We’re officially in our country’s longest economic expansion. The National Bureau of Economic Research reports that as of July 2019, we broke the 120-month record of economic growth experienced from March 1991 to March 2001.
In May, the unemployment rate dropped to 3.6%, which is the lowest we’ve seen since 1969. Consumer spending is up a point from last year, and retail sales are up over the last few months.
Despite this economic growth, the Federal Reserve (the Fed) lowered the Federal Funds Rate by a quarter point on July 31st, signaling that the economy needs a bit of a push.
First, despite this record-setting run, Gross Domestic Product (GDP) only grew cumulatively by 25%, which is far slower than previous expansions. Furthermore, the Consumer Price Index (CPI), which is a measure of overall inflation, sits stubbornly below the Fed’s target of 2%.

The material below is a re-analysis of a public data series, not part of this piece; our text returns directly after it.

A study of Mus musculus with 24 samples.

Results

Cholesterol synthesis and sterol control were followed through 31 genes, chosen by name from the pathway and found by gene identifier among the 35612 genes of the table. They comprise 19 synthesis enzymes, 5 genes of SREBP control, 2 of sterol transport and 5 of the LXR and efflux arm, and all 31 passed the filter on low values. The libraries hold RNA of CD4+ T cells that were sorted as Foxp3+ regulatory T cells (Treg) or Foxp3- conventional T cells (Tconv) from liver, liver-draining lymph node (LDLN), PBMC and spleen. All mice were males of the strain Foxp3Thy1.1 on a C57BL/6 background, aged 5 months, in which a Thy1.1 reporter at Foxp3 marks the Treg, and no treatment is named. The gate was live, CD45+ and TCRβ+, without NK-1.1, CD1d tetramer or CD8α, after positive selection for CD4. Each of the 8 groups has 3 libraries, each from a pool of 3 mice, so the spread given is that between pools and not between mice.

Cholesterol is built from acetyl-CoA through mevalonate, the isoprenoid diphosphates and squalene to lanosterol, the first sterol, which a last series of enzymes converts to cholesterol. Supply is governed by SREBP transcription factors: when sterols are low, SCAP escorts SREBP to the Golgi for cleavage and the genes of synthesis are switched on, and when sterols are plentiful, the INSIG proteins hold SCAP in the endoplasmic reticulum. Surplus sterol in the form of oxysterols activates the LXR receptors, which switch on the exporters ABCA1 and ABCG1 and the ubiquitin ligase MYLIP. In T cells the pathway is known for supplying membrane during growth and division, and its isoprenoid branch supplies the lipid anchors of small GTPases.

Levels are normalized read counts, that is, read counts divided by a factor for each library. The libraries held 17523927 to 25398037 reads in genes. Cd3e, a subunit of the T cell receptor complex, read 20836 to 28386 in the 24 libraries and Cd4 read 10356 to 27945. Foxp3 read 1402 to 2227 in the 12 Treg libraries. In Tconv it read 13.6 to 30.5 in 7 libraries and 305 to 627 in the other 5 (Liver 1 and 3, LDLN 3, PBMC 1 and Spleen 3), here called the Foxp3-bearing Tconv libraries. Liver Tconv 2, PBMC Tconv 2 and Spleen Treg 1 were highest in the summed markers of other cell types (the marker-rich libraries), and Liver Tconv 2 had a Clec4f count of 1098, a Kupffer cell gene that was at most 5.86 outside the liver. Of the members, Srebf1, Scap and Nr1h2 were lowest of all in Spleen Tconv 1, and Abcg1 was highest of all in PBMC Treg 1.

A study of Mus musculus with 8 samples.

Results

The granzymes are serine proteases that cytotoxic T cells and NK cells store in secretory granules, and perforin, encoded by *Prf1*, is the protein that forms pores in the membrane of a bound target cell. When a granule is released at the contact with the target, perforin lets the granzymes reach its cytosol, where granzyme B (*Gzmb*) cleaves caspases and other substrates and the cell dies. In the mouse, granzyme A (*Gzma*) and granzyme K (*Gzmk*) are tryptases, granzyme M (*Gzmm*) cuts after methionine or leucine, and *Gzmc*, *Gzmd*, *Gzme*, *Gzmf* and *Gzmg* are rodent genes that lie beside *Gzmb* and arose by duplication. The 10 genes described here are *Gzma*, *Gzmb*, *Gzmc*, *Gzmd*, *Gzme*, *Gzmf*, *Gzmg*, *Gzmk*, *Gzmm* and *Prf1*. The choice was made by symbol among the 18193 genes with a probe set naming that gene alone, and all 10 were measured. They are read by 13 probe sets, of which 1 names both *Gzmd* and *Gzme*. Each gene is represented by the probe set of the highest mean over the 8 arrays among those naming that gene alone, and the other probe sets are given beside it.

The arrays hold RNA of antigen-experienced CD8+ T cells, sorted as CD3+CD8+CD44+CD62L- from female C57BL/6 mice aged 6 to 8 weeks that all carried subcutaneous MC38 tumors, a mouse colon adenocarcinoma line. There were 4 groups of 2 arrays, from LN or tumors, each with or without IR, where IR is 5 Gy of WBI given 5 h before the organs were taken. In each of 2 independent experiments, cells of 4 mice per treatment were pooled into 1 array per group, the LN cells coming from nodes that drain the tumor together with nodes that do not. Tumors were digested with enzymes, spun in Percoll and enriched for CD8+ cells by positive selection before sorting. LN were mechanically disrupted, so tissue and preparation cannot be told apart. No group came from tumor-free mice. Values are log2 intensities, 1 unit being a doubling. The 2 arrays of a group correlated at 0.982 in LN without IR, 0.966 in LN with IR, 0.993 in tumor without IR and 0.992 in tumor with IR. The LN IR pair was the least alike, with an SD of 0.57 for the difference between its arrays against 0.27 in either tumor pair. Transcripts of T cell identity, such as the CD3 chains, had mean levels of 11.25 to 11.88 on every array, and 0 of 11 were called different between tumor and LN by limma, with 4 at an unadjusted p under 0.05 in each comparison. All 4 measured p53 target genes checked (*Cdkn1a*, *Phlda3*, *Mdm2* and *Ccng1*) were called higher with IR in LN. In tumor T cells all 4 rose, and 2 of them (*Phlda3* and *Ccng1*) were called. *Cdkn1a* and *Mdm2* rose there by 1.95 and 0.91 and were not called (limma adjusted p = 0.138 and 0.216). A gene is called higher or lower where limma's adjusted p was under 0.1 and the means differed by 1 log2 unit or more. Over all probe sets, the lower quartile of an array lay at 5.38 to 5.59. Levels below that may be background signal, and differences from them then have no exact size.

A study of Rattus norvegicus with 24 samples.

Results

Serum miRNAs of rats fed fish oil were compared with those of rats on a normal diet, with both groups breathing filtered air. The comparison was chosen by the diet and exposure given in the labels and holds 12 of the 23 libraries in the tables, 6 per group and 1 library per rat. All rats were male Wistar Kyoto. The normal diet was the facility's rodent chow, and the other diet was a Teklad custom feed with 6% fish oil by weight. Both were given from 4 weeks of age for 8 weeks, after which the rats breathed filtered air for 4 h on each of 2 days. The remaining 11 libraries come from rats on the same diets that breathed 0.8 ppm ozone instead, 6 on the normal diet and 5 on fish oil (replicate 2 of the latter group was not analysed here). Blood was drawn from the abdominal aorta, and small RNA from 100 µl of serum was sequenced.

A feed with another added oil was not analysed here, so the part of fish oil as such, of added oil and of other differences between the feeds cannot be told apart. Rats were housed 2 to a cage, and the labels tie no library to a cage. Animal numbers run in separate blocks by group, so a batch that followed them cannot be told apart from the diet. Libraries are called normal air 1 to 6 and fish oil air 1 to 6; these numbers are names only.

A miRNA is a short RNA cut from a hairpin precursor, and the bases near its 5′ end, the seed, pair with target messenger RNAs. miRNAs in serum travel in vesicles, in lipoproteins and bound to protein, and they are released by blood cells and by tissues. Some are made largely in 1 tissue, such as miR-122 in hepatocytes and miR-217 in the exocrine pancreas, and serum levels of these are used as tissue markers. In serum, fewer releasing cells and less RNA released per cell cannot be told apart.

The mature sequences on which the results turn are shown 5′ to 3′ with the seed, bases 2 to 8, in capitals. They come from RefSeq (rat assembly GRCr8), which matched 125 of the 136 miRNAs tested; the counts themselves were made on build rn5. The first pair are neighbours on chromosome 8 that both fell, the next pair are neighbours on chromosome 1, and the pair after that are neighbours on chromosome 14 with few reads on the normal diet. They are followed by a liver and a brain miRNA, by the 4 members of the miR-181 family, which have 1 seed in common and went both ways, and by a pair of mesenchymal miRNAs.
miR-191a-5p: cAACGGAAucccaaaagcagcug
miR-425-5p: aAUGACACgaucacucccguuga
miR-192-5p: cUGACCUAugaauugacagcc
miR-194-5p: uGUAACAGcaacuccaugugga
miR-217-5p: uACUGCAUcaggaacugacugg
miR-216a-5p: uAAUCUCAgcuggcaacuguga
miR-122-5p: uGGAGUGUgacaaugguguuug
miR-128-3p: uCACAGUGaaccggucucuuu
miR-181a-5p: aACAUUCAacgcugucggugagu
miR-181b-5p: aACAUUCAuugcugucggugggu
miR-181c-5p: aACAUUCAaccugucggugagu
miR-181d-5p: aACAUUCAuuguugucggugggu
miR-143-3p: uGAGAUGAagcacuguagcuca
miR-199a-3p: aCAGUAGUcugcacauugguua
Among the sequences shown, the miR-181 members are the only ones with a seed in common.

The Fed seems to be wrestling with the reality of slowing growth, an aging workforce, and low inflation across the United States. In fact, they labeled the rate decrease a ‘readjustment’ to get interest rate policies in-line with this new economic paradigm.
The Federal Funds Rate indirectly affects consumer borrowing costs, including mortgage rates. For example, Freddie Mac reports that the 30-year-fixed mortgage rate, which fell to 3.75% last week, is down by more than one percentage point since 2018.
This illustrates that for now, low interest rates are here to stay.
Despite rates maintaining record lows, home prices went down by 3% in the Greater Bay Area in June, as compared to the previous month, and down 8% year-over-year. Both the average price per square foot and sales price are down as well.
Normally, there’s an inverse correlation between interest rates and home prices in that lower mortgage rates are usually a boon to the housing market. This month, however, mortgage rates had little impact on the market overall.